The behaviors of chondrocytes, endothelial cells, and embryonic stem (ES) cells are investigated in vitro by employing specially functionalized polymer hydrogels to facilitate regeneration of tissues and organs. Hydrogels are expected to be used not only as artificial extracellular matrices (ECM) for repairing and regenerating a wide variety of tissues and organs, but also as substitute materials to develop artificial tissues and organs, since their three-dimensional network structure and viscoelasticity are similar to those of the macromolecular-based ECM in biological tissues. Therefore, hydrogels can be used as excellent scaffolds because their properties are similar to those of the in vivo environment. The study of the properties of cells on hydrogel scaffolds will contribute significantly to the design of artificial tissues that can potentially be used in tissue engineering applications in the future.
In vitro two-dimensional (2D) culture of chondrocytes on substrates has been shown to decrease gene expression and production of cartilage-specific proteins such as collagen type II and aggrecan and causes cells to quickly dedifferentiate into a more fibroblastic phenotype. However, hydrogels are expected to be used as scaffolds for repairing and regenerating tissues and organs since their three-dimensional network structure and viscoelasticity are similar to those of the macromolecular-based extracellular matrix (ECM) in biological tissues. In our research, we succeed in culturing chondrocytes on 2D synthetic hydrogels without dedifferentiation of chondrocytes. Furthermore, we found that the properties of chondrocytes cultured on hydrogels were affected by the charge density of the gels.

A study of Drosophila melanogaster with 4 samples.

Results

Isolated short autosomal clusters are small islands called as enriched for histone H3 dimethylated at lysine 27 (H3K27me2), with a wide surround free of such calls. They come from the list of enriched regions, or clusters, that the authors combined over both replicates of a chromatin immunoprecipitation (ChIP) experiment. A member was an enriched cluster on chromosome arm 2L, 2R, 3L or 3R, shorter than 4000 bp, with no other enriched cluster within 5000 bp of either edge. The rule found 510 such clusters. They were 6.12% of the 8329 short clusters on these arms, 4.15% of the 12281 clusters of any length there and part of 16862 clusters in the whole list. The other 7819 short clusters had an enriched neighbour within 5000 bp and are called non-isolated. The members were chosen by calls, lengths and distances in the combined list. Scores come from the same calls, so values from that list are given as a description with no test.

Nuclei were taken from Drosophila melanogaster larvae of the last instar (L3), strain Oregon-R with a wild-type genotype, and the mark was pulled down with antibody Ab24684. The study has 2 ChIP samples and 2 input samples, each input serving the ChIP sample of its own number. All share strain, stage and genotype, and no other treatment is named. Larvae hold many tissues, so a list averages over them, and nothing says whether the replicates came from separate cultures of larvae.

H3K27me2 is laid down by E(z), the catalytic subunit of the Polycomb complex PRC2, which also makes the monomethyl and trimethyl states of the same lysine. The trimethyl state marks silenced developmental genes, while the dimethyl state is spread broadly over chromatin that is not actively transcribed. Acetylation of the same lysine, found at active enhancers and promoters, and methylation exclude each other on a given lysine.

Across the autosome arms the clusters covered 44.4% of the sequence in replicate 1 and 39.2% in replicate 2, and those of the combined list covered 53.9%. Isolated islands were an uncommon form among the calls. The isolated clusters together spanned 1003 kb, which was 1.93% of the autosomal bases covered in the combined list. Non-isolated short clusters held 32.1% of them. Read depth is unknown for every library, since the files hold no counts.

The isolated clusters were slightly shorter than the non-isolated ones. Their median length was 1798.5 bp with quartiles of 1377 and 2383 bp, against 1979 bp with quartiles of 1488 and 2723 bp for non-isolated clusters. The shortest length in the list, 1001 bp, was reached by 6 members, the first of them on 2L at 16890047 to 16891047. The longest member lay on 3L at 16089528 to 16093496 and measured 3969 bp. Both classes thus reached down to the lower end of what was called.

Usually, cells cannot survive on any hydrogels whose surfaces are not modified with cell adhesive proteins. However, we found that endothelial cells (ECs) could adhere, proliferate, and reach confluence on synthetic anionic hydrogels without any adhesive proteins (Figure 1). Furthermore, the biological and physical properties of endothelial cells cultured on these hydrogels are affected by the properties of these gels, such as their chemical structure and elasticity. The amount of EC-specific glycocalyx secreted by endothelial cells is regulated by the properties of hydrogel scaffolds (Figure 2). Finally, the properties of hydrogels also regulate the blood compatibility and frictional stress of endothelial cells, which depend on the amount of EC-specific glycocalyx secreted.
Overall, endothelial cells cultured on hydrogels exhibit better properties than those cultured on polystyrene (PS) scaffolds. This research may contribute significantly to the design of artificial blood vessels that can potentially be used in tissue engineering in the future.